You Can Save a Life for $25

Wednesday, 31 August is International Overdose Awareness Day, and the timing is sadly relevant for South Australians.

The South Australian government has issued a public health warning following the tragic drug overdose deaths of 10 South Australians in recent weeks.

Eight of the deaths were due to heroin use, while the other two cases are linked to the use of fentanyl, an extremely potent synthetic painkiller (which has recently been trialled by the Women’s & Children’s Hospital for use by women in labour). The recent overdose deaths involved people aged between 31 and 56 years old.

If someone is showing symptoms of overdose, anyone with them should commence immediate first aid and administer naloxone, if available…

On average there are usually between one and two deaths as a result of heroin overdose each month in South Australia.

If someone is showing symptoms of overdose, anyone with them should commence immediate first aid and administer naloxone, if available, before calling 000. Don’t be frightened of any legal problems, because police will not attend the scene unless paramedics call for help or a death occurs.

Naloxone is a medication designed to block the effects of opioids like heroin, especially in the case of an overdose. When given intravenously, it works within two minutes; when injected into a muscle, it works within five minutes.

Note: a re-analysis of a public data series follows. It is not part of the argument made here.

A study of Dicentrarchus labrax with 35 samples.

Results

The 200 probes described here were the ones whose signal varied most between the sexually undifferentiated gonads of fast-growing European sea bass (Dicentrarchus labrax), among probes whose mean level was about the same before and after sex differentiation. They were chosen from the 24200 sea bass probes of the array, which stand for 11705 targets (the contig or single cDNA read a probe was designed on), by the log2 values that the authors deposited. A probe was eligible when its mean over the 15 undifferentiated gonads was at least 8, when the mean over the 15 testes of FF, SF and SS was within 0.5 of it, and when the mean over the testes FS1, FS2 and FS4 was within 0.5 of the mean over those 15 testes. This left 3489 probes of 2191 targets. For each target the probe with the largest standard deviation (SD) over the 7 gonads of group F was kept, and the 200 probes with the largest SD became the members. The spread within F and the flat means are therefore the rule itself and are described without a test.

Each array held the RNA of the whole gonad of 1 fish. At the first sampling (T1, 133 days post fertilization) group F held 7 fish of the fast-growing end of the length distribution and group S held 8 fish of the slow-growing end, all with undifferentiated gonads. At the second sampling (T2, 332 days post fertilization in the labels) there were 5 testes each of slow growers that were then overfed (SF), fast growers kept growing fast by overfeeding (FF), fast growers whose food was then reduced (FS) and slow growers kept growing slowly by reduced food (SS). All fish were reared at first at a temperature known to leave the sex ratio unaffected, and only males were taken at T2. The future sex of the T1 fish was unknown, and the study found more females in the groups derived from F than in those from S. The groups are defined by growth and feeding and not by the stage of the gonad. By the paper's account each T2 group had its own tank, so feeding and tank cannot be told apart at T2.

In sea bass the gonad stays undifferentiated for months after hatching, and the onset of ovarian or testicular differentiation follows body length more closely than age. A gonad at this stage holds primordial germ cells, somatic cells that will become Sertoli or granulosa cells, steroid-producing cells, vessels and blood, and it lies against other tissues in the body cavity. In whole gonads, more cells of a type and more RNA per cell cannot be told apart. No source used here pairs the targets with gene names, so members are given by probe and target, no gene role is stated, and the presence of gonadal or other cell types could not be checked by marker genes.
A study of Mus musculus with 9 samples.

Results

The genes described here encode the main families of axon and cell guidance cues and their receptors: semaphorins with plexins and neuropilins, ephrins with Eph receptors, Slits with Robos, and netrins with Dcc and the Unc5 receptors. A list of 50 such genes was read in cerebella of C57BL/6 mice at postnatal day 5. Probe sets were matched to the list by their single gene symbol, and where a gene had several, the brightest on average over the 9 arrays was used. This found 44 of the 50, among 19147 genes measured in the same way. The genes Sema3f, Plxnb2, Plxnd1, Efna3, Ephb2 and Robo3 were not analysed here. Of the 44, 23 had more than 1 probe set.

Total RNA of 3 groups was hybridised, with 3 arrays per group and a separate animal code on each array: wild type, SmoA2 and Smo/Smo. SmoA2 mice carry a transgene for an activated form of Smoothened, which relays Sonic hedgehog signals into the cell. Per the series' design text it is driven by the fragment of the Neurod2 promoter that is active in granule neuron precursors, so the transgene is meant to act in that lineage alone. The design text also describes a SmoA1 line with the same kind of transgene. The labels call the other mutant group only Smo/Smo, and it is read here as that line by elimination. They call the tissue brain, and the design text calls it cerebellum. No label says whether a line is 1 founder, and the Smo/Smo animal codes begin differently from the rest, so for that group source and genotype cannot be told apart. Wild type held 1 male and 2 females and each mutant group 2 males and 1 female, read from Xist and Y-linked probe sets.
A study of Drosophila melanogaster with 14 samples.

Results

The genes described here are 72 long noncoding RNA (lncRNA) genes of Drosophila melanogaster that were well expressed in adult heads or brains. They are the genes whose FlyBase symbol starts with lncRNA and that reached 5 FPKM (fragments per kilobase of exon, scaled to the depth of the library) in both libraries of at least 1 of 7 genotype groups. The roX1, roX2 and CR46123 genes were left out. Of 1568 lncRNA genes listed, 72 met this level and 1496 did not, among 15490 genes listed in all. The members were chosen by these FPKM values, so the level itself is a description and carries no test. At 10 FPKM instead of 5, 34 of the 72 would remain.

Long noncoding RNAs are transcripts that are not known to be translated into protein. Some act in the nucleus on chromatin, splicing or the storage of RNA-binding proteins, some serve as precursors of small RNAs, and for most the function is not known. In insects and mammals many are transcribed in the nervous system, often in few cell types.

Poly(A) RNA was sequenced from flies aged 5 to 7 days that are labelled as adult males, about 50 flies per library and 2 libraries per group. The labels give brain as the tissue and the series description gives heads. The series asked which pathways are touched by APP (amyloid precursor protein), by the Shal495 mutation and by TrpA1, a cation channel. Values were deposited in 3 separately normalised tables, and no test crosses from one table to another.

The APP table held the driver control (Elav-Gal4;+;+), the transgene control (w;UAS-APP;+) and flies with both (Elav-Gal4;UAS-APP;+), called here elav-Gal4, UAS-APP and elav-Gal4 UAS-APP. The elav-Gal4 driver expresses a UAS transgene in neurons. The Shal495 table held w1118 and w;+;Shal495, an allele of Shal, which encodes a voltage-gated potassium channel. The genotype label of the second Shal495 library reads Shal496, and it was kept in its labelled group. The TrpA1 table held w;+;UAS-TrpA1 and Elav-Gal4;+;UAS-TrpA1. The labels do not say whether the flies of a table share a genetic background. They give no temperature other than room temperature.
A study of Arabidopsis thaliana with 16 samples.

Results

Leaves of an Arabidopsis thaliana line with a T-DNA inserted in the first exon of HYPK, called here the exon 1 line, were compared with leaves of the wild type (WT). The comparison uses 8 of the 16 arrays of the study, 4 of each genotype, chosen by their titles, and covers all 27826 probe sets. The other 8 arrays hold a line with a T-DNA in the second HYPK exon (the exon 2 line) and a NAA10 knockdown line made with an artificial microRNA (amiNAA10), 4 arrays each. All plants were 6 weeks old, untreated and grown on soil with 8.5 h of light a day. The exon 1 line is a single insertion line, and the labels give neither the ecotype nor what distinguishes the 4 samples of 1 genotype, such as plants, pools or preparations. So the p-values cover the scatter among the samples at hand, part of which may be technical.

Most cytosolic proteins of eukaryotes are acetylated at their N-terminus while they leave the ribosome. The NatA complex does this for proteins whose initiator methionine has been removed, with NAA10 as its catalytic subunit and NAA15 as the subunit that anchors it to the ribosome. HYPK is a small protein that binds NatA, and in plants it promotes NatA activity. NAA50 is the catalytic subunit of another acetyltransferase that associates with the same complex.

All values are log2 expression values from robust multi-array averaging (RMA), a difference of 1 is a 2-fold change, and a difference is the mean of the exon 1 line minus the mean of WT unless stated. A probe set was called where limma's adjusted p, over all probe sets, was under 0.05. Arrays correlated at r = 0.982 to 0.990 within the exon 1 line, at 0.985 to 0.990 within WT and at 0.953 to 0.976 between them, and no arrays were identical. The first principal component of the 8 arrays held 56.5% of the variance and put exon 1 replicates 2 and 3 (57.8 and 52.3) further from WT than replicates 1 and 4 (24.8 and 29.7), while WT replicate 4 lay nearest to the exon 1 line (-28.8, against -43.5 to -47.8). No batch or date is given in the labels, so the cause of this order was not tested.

Naloxone attaches to the same parts of the brain that receive heroin and other opioids, blocking them for 30-90 minutes in order to reverse the respiratory depression that would otherwise lead to death from overdose.

Naloxone; photo via ABC News: Ian Cutmore
Naloxone; photo via ABC News: Ian Cutmore

Naloxone only reverses the effects of opioids such as heroin, methadone, morphine, opium, codeine, or hydrocodone. It does not counter the effect of other types of drugs, such as benzodiazepines (drugs including diazepam, midazolam, or alprazolam), antihistamines (like pheniramine or phenergan), alcohol, or other sedatives (drugs such as phenobarbital) or stimulants such as cocaine and amphetamines.

You cannot develop tolerance to naloxone, so it can be used in every opioid overdose situation no matter how many times a person has overdosed in the past. Naloxone has minimal side effects. It has no effect on somebody who does not have opioids in their system, and it is not addictive.

…remember to keep the expiry date in mind, as out-of-date Naloxone loses its impact.

In Australia, naloxone has been available over the counter since February this year. Australia is just the second country in the world to make naloxone available without a prescription, making it as easy to purchase as strong cold and flu tablets.

Naloxone is inexpensive: a single dose is only around $25, and keeps for 6 months or more. A more expensive 5-pack can be kept for 18 months. If you do buy some for emergencies, remember to keep the expiry date in mind, as out-of-date naloxone loses its impact. It will not hurt someone if given to them, but will probably not work as well as it should.

Hepatitis SA hopes that the Therapeutic Goods Administration will also soon approve a nasal-spray version of naloxone, which is currently being trialled in Sydney. This offers an alternative way to deliver the drug, in a form that many people will find less stigmatising to carry around with them.

There are many resources available providing information and instructions on overdose and administering naloxone. The Pennington Institute has a video, Naloxone: Saving Liveswhich is certainly worth looking at.

Hepatitis SA has  information on overdoses and safer injecting on our website. We also have printed resources available: ask one of our CNP peers or else call us on 1800 437 222.